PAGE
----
Red Toryism and Blue Labour are not progressive



Philip Blond’s Red Toryism and Maurice Glasman’s Blue Labour contain essentially the same sentiments: nostalgic communitarianism. These new narratives are understandable attempts to show empathy with those who feel left behind and short-changed by the Thatcherite revolution, to reconnect with those who shunned politics and stopped voting some time ago. Hungry to hoover up potential electoral support, the ideas have gained currency among Westminster strategists.

But these philosophies risk lionising some dated and illiberal assumptions which do nothing to help the most vulnerable flourish in today’s society. Peter Mandelson, in The Guardian yesterday, was right to say: “Blue Labour’s…romantic ideas about working class people turning back the clock is misplaced.” Though certain elements have appeal, the overarching narratives of Red Toryism and Blue Labour are not progressive. They may even be dangerous.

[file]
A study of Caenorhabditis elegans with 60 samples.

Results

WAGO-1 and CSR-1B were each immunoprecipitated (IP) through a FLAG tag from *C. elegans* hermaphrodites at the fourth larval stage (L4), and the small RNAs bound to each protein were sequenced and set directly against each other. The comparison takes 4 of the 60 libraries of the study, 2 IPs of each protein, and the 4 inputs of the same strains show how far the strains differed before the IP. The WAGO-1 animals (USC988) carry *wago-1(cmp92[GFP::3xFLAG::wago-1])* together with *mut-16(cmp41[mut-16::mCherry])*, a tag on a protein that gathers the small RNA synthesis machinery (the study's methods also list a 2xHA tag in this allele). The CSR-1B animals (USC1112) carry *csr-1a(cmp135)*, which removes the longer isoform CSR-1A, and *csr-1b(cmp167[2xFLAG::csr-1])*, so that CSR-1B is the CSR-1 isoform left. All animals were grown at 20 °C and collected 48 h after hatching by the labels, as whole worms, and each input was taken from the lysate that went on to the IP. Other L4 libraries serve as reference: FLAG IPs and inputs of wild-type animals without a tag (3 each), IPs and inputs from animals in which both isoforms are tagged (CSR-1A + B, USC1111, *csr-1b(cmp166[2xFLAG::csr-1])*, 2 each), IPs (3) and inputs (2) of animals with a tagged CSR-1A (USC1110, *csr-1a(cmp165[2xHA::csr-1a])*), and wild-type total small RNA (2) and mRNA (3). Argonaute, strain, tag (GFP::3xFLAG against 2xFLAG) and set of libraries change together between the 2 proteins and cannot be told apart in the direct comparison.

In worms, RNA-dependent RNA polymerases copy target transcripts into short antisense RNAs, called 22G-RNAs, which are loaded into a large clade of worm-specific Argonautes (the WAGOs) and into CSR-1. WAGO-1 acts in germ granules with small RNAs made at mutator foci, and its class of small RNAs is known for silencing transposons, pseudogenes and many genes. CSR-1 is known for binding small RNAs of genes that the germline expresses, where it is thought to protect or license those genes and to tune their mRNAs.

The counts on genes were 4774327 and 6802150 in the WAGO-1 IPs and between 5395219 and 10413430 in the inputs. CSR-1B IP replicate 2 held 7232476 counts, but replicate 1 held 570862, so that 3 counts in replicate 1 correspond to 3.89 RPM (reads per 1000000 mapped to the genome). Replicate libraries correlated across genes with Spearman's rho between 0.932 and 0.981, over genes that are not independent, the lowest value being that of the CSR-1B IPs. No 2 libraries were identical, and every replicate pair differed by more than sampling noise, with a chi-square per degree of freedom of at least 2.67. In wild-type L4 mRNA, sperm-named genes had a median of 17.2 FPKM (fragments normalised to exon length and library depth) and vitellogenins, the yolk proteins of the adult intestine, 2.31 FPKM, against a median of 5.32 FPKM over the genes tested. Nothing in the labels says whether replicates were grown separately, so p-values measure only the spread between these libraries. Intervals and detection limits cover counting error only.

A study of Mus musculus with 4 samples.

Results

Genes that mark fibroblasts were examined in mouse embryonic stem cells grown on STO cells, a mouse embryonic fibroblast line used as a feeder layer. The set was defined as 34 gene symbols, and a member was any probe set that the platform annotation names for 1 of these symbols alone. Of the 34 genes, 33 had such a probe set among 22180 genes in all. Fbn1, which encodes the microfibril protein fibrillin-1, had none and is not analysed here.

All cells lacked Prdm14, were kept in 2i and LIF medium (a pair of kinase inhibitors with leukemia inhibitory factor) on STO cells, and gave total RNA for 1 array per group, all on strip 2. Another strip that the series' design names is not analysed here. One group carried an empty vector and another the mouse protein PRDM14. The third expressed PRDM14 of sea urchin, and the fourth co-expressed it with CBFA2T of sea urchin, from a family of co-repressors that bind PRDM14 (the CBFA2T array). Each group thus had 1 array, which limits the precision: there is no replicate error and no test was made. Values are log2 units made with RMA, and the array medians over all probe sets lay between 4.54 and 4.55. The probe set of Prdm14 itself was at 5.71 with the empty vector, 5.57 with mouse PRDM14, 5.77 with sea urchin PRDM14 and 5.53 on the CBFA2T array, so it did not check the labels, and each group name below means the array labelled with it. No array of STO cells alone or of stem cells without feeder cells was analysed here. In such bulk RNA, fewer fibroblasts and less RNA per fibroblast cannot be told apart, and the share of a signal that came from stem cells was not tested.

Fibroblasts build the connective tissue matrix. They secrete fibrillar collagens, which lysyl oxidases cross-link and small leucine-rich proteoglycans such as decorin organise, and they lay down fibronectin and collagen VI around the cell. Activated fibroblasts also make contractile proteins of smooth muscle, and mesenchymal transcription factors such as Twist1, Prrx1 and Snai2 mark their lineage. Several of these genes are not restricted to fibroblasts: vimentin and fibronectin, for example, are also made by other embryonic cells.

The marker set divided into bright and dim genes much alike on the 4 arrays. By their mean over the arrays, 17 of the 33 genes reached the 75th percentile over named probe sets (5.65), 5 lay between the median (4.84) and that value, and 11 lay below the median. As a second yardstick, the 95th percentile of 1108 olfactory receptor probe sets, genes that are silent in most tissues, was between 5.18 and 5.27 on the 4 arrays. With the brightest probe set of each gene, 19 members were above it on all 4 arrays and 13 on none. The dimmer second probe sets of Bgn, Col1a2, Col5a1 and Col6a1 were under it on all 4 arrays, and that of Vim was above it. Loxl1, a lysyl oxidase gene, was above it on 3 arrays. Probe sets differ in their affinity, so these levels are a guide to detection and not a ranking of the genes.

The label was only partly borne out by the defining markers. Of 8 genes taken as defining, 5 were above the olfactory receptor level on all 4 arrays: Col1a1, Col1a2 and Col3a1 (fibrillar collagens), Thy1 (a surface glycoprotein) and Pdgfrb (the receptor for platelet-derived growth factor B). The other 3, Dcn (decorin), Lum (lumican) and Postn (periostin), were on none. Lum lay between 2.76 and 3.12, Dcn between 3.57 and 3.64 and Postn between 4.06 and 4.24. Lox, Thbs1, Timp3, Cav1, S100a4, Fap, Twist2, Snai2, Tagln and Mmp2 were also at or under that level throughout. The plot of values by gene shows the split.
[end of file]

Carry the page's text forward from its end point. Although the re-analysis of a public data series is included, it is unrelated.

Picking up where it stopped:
Both celebrate


    David Ward

    Of course, it’s naive to imagine we can recreate the 1950′s in 2015.

    But what’s unreasonable about the ordinary employee having more control over their company, including an ownership stake? About finding ways for the bottom 90% of income earners to redress the reductions in output they earn each year?

    Or taxing land and capital gains more than we do now.

    These things can be done, and won’t be “dangerous”.

  2. July 28, 2011

    Robert Eve

    We know that ‘progressive’ means left wing.

    Do you want to use a different word?